Following the scandal over the alleged murder of Saudi journalist, Jamal Khashoggi, Armida van Rij, co-author of an ORG commissioned report on the British-Saudi relationship, has been discussing the story on several media outlets.  

Much of the media coverage of the UK-Saudi relationship over the past year has been around the escalation of the Saudi-led war, and the UK's tacit approval of it, in Yemen. In August 2018, nearly 500 civilians alone were killed in what International Rescue described as the deadliest month in three and a half years of the conflict

However, the scandal over the alleged murder of a Saudi journalist, Jamal Khashoggi, at the Saudi consulate in Istanbul, Turkey has piled increasing pressure on countries like the UK - a long-term partner of the Kingdom, both through trade, security assistance and intelligence sharing - to take action. It has also prompted questions about the strategic value of partnering so closely with a country that carries out extrajudicial killings on a NATO ally's soil, especially at a time when the UK has made building its credibility as a global champion of the rules-based international order a central pillar of its foreign policy

Armida van Rij, researcher at King's Policy Institute and co-author with Benedict Wilkinson of the Remote Warfare Programme commissioned report Security cooperation with Saudi Arabia: Is it worth it for the UK?, has been discussing this major news story in the context of this timely piece of research across a number of mainstream news channels. This has occurred at at a time when it appears many Western states are beginning to show a greater willingness to reassess their ties with Mohammad bin Salman's (MBS) Saudi Arabia - who until now was hailed by the West as a great liberal reformer - in the wake of the allegations surrounding Khashoggi's death.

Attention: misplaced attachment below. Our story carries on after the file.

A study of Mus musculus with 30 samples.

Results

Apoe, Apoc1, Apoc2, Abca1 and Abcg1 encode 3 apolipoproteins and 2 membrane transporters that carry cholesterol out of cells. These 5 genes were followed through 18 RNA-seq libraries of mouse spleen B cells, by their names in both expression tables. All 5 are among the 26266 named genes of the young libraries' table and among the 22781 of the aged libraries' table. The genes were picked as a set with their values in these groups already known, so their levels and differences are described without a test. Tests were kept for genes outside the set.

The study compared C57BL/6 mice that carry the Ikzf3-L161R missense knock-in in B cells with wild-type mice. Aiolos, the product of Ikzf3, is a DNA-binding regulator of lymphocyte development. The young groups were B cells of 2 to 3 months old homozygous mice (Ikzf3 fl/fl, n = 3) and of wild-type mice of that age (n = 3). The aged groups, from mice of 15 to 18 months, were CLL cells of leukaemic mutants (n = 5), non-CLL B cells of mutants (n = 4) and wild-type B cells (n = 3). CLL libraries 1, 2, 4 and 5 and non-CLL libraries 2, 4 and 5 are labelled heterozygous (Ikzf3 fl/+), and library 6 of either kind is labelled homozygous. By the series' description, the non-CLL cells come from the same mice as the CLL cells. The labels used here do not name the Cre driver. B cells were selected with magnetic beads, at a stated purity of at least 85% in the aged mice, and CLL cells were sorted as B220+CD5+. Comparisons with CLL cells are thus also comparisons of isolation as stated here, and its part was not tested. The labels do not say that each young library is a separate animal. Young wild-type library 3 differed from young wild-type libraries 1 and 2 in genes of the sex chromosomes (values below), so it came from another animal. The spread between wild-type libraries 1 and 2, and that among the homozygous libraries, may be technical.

You can watch/listen to the interviews via the following links: 

 

BBC Radio 4 Today

 

BBC Breakfast

 

BBC News Channel

  

Channel 4 News

 

The broader picture

This scandal will significantly undermine Mohammed bin Salman's reputation among Western politicians, if not permanently then for a long time to come. Indeed, leading Western states now appear to be taking seriously the concerns raised by NGOs, Think Tanks and academics about the reputational risks associated with such close ties with the Gulf State, known for its weak record on human rights. Ultimately, it seems this scandal has given weight to the conclusion made in KPI's recent report:

The case of the UK-Saudi Arabia relationship has highlighted the challenge, and at times contradiction, of being a liberal state committed to liberal ideals, while at the same time attempting to protect the economic interests of British businesses. 

This could be the defining moment in the UK-Saudi relationship. But this may also serve as the first real test for the credibility of the UK's reinvigorated defence of the international rules-based order.